By Dr Vandana Prakash
ECO Worldly
April 23, 2009

The algae! Yes – the same slimy brown-green ‘plant’ that makes a pond or a lake look yucky – is the creating a great buzz as the most promising source of alternative energy. And now nanotechnology is being leveraged to add some more zing to the promise!

Algae are some of the simplest of the living organisms and can’t even be classified as plants as they lack any differentiation into various structures such as leaves, roots or other organs that characterize a plant. Yet this simple structure is the very reason for the alarming growth rate of the algae: Under optimal conditions, it can double its mass overnight.

One interesting aspect of the bio-fuel generation from algae is other side benefits such as carbon mitigation; the algae consumes carbon-dioxide (CO2) to grow, besides water and sunlight. What also adds to the potential is the fact that oil forms up to 50% of the algae’s mass. Compare this with palm-oil trees having at most 20% of their mass as oil. Furthermore, it is not only the algae-oil that can be used for bio-diesel generation but algae-carbohydrates can also be fermented into ethanol or gasified into bio-gas, or into methane, or into hydrogen. Indeed, the time is ripe for doing more than simple pilots for bio-fuel generation from algae. The Venice example, discussed on Ecoworldly earlier, is one such recent initiative that demonstrates co-operation and building of complete infrastructure for bio-reactors and CO2 provisioning etc. India too has another example to offer of going beyond simple pilots.

But as is the case with upcoming technologies they take time (or gestation lags) to mature before becoming commercially viable. Especially true for achieving the full projected potential of generating greater than 5000 gallons per acre per year of algae-bio-fuel as opposed to a (seemingly) measly 50 gallons per year per acre from Soy. Algae bio-fuel has become a hot topic: And there have been several summits and conferences {For example, in San Francisco(USA), Delhi(India), etc.} to discuss potentials and pitfalls. Here is a very well written article that succinctly attempts to separate the hope from hype in using algae for bio-fuel generation. Since algae-farming also demands water, there is natural anxiety about re-incarnating the food versus fuel battle in case of ethanol generation into a water versus fuel battle for algae-driven bio-fuel generation. Another hurdle in realizing the full potential of algae bio-fuel is the fact that the ambient concentrations of C02 in atmosphere are not enough for the exponential growth of algae.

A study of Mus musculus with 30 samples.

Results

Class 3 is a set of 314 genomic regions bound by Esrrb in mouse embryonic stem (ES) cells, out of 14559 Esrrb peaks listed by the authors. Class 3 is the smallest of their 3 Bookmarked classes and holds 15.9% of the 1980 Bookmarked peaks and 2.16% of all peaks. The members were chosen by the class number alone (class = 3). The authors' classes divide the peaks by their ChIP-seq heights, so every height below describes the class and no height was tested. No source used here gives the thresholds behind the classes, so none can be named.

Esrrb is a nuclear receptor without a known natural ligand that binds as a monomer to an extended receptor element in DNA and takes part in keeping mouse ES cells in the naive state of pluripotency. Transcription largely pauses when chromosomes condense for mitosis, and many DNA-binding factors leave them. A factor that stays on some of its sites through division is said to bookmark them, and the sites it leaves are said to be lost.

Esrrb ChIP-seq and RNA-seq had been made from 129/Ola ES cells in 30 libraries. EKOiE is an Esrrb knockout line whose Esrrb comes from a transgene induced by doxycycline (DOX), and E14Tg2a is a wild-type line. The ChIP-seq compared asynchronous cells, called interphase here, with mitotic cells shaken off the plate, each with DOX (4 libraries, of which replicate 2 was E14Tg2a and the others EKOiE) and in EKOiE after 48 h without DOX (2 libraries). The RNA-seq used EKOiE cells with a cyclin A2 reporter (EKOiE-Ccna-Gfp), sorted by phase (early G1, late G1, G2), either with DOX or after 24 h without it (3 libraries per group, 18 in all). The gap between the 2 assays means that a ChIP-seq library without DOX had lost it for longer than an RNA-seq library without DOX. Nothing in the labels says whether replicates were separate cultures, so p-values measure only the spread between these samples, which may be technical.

Recently two interesting pilot programs to improve the commercial viability of algae bio-fuel caught my attention. Both of these pilot programs utilize the benefits of yet another technology with ‘great potential’: nanotechnology. Nanotechnology is the discipline of building machines/devices on the scale of molecules, a few nanometers wide, way smaller than a cell.

The first was the grant from the California Energy Commission to use the nano-metals as catalysts for generating bio-fuel from algae. The company called QuantumSphere will be developing a nanocatalyst-based bio-gasification process for taking wet algae from Salton Sea in California. Salton Sea is one of the largest and lowest inland seas at 227-feet below sea-level. According to the QuantumSphere technologists, Salton Sea has good algae growth, driven by large agricultural runoff. The 12 month project will build a small plant on the shores of Salton Sea to demonstrate effectiveness of algae bio-fuel generation. Besides exploring the commercial viability of the algae as source of alternative energy, this project is expected to help reduce the gap between the opposing positions about whether Salton Sea is a “cesspool of sewage and pollutants” or a clean and safe habitat as “California’s crown jewel of avian biodiversity”.

The second project leverages the nano-particles as harvesters for collecting oil from algae – without harming the algae crop!The process developed by the Ames Laboratory and Iowa University does not harm the algae like the current methods do. Thus, it reduces both the production cost as well as the generation cycle. Concerns are already rife about the safety of the nano-harvesters in case they get released into the environment. The particles themselves are considered environmentally safe as they are made of calcium and sand. Surely, the technologists and the regulators will observe due-diligence in ensuring the safety of these processes.